Give your immune system a boost!

2013August29_Injury_Recovery_BBoosting your immune system can really guard against bugs for when the cold and flu season comes round. Research suggests that a great way to protect yourself is not by wrapping yourself up and taking it easy, but by keeping active and exercising. Not only are you less likely to suffer from this type of illness but if you exercise then the severity of your suffering will be far less too.

 Less intense illness

An Appalachian State University study looked at the respiratory health of 1,000 adults from 18-85 over a 12 week period. The study which coincided with the cold and flu winter season found that those who worked out five or more times a week reported cold symptoms being 43-46% shorter than those who exercised less.

How your immunity works

Exercise stimulates the body to produce antibodies which then react to antigens which attack your system and defences, causing illness and infection. A strong immune system recognizes the body’s cells as well as bacteria and viruses and destroys these harmful germs. Not exercising means these antigen-fighting cells work more slowly, and therefore are less effective.

Strength to fight infection

Exercise makes your heart and lungs stronger which helps in the ability to pump more oxygen-rich blood to where it’s needed. In turn this makes your immunity stronger. It’s a proven fact that exercise several times a week can have huge health and wellness benefits and this has a knock-on effect to your body’s strength in fighting illness.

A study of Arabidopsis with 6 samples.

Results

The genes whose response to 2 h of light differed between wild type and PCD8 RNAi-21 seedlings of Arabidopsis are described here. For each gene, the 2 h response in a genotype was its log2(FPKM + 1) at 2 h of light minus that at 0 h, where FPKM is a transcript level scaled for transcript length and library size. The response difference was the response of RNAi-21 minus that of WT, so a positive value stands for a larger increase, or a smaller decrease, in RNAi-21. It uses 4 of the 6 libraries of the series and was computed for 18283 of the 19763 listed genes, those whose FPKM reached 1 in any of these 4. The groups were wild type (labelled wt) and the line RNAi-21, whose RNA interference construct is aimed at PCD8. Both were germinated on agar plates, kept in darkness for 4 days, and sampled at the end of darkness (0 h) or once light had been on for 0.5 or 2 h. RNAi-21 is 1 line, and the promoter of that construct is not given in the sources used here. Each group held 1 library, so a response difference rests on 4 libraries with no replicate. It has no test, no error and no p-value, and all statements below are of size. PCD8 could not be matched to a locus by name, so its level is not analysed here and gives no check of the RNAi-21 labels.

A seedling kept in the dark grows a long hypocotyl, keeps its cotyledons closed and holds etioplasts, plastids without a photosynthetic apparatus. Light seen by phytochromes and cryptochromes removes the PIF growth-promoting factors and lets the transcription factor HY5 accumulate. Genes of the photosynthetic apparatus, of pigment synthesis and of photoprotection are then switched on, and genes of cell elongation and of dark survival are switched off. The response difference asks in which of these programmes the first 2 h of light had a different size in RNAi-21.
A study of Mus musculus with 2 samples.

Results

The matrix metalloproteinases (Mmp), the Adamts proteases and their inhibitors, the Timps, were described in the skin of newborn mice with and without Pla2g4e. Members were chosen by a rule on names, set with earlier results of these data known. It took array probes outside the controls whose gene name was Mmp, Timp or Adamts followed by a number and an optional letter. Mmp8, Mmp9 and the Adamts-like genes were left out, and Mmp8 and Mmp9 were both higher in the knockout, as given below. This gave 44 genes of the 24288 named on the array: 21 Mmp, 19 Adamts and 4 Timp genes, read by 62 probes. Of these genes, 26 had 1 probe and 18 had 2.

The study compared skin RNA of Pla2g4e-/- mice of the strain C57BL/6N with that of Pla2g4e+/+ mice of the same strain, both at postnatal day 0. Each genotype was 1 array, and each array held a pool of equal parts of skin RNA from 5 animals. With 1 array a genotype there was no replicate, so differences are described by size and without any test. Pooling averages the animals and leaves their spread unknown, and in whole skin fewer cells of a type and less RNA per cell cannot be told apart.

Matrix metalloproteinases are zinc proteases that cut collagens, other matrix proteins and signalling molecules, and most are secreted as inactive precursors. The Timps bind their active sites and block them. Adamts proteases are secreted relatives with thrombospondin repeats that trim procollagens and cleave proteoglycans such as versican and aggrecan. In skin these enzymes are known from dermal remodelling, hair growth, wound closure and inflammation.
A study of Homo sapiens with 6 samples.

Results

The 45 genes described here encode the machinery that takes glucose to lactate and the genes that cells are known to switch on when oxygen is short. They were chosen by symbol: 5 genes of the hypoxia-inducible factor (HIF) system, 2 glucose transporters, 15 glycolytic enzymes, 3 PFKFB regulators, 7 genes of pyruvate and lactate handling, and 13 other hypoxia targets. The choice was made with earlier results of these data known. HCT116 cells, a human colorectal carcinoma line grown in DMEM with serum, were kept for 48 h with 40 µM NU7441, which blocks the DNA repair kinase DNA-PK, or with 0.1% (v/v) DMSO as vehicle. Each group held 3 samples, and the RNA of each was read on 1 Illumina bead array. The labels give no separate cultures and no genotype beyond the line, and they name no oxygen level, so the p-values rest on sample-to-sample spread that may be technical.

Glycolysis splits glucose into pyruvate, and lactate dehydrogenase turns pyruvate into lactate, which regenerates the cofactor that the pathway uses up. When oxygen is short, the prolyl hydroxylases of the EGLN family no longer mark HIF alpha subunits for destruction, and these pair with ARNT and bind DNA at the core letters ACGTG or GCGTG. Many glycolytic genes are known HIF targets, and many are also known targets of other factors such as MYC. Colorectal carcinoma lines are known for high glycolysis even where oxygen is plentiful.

The fight against cancer

Research also suggests that exercise can help in the fight against cancer too. A University of Nebraska Medical Center found that protecting T-cells, a type of white blood cell, were better able to fight disease in survivors of cancer after taking part in a 12 week exercise class. Another study, at the University of North Carolina found that women exercising between 10-19 hours a week had a 30% lower risk of breast disease.

Too much exercise weakens immunity

While those who work out have less annual sick days, taking about half as many days off work, exercising too much can have a detrimental effect on your immune system.  A Brazilian study analyzed the cellular marker activity of the immune systems of professional soccer players before and after an intense match lasting 70 minutes. The findings showed immunoglobulins, which fight off infection, were reduced significantly post-match.

If you have a cold already

So, if you already have a cold is exercise a good idea? What’s important is to listen to your body and seek medical advice. Some exercise may be beneficial but you may have to slow down or lessen your usual activities. If you’re taking decongestants then these can raise your heart rate and if you add a cardio style workout on top of this then that’s going to raise your heart rate even further. The result could be shortness of breath, feeling worn out or finding it difficult to breathe normally.

The conclusion seems to be that exercise can do wonders for your immune system as long as you don’t overdo it. Get in touch and give your system a boost.